Which postpartum problems can be helped by pelvic rehab?
 

The following conditions can be related to problems with the pelvic floor. These problems are particularly common in postpartum moms, but they can last beyond the first six months after giving birth or strike later in some women.
 

Urinary difficulties.

Anal incontinence.

Perineal pain.

Pelvic pain.

Pelvic organ prolapse.
 

If you are still not sure whether you are tightening the right muscles, keep in mind that all of the muscles of the pelvic floor relax and contract at the same time. Because these muscles control the bladder, rectum, and vagina, the following tips may help:
 

Women: Insert a finger into your vagina. Tighten the muscles as if you are holding in your urine, then let go. You should feel the muscles tighten and move up and down.
 

It is very important that you keep the following muscles relaxed while doing pelvic floor muscle training exercises:
 

Abdominal

Buttocks (the deeper, anal sphincter muscle should contract)
 

Thigh

A woman can also strengthen these muscles by using a vaginal cone, which is a weighted device that is inserted into the vagina. Then you try to tighten the pelvic floor muscles to hold the device in place.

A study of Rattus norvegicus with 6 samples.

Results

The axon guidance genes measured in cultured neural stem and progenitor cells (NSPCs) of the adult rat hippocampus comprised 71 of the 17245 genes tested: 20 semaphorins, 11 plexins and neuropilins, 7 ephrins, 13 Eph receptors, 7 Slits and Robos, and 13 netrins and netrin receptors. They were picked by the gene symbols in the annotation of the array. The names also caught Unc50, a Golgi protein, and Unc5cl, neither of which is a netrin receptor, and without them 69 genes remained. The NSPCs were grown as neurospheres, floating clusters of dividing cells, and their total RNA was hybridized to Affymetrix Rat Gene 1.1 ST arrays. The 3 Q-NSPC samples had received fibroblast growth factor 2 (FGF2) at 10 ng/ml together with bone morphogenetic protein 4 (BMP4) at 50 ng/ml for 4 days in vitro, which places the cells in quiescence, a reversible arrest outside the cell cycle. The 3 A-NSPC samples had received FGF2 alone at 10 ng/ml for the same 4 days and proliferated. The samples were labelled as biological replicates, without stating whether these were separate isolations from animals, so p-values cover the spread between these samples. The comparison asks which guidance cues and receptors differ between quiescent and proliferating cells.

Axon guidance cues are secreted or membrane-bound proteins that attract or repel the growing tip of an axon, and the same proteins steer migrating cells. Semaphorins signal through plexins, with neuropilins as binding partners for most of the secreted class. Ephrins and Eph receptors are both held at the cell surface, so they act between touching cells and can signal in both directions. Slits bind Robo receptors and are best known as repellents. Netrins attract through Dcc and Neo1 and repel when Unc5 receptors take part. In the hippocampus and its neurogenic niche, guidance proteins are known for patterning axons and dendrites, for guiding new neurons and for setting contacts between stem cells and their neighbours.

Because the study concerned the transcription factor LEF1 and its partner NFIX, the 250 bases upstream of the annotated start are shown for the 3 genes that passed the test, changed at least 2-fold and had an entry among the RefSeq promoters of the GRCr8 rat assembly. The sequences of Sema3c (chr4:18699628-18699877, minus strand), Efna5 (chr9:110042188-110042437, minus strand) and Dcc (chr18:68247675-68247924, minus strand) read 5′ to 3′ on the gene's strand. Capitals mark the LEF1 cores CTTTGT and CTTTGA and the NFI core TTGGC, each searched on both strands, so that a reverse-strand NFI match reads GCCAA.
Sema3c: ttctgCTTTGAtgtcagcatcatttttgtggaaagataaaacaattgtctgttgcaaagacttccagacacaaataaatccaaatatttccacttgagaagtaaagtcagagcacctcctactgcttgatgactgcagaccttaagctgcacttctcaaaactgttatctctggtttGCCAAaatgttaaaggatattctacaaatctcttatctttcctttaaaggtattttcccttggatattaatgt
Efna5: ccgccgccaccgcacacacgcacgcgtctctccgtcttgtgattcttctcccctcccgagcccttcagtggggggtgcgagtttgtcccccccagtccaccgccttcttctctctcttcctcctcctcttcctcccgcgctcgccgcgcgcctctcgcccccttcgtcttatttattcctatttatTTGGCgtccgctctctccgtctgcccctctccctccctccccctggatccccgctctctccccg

PERFORMING PELVIC FLOOR EXERCISES:

1. Begin by emptying your bladder.

2. Tighten the pelvic floor muscles and hold for a count of 10.

3. Relax the muscles completely for a count of 10.

4. Do 10 repetitions, 3 to 5 times a day (morning, afternoon, and night).
 

You can do these exercises at any time and any place. Most people prefer to do the exercises while lying down or sitting in a chair. After 4 to 6 weeks, most people notice some improvement. It may take as long as 3 months to see a major change.
 

After a couple of weeks, you can also try doing a single pelvic floor contraction at times when you are likely to leak (for example, while getting out of a chair).
 

A word of caution: Some people feel that they can speed up the progress by increasing the number of repetitions and the frequency of exercises. However, over-exercising can instead cause muscle fatigue and increase urine leakage.
 

If you feel any discomfort in your abdomen or back while doing these exercises, you are probably doing them wrong. Breathe deeply and relax your body when you are doing these exercises. Make sure you are not tightening your stomach, thigh, buttock, or chest muscles.
 

When done the right way, pelvic floor muscle exercises have been shown to be very effective at improving urinary continence.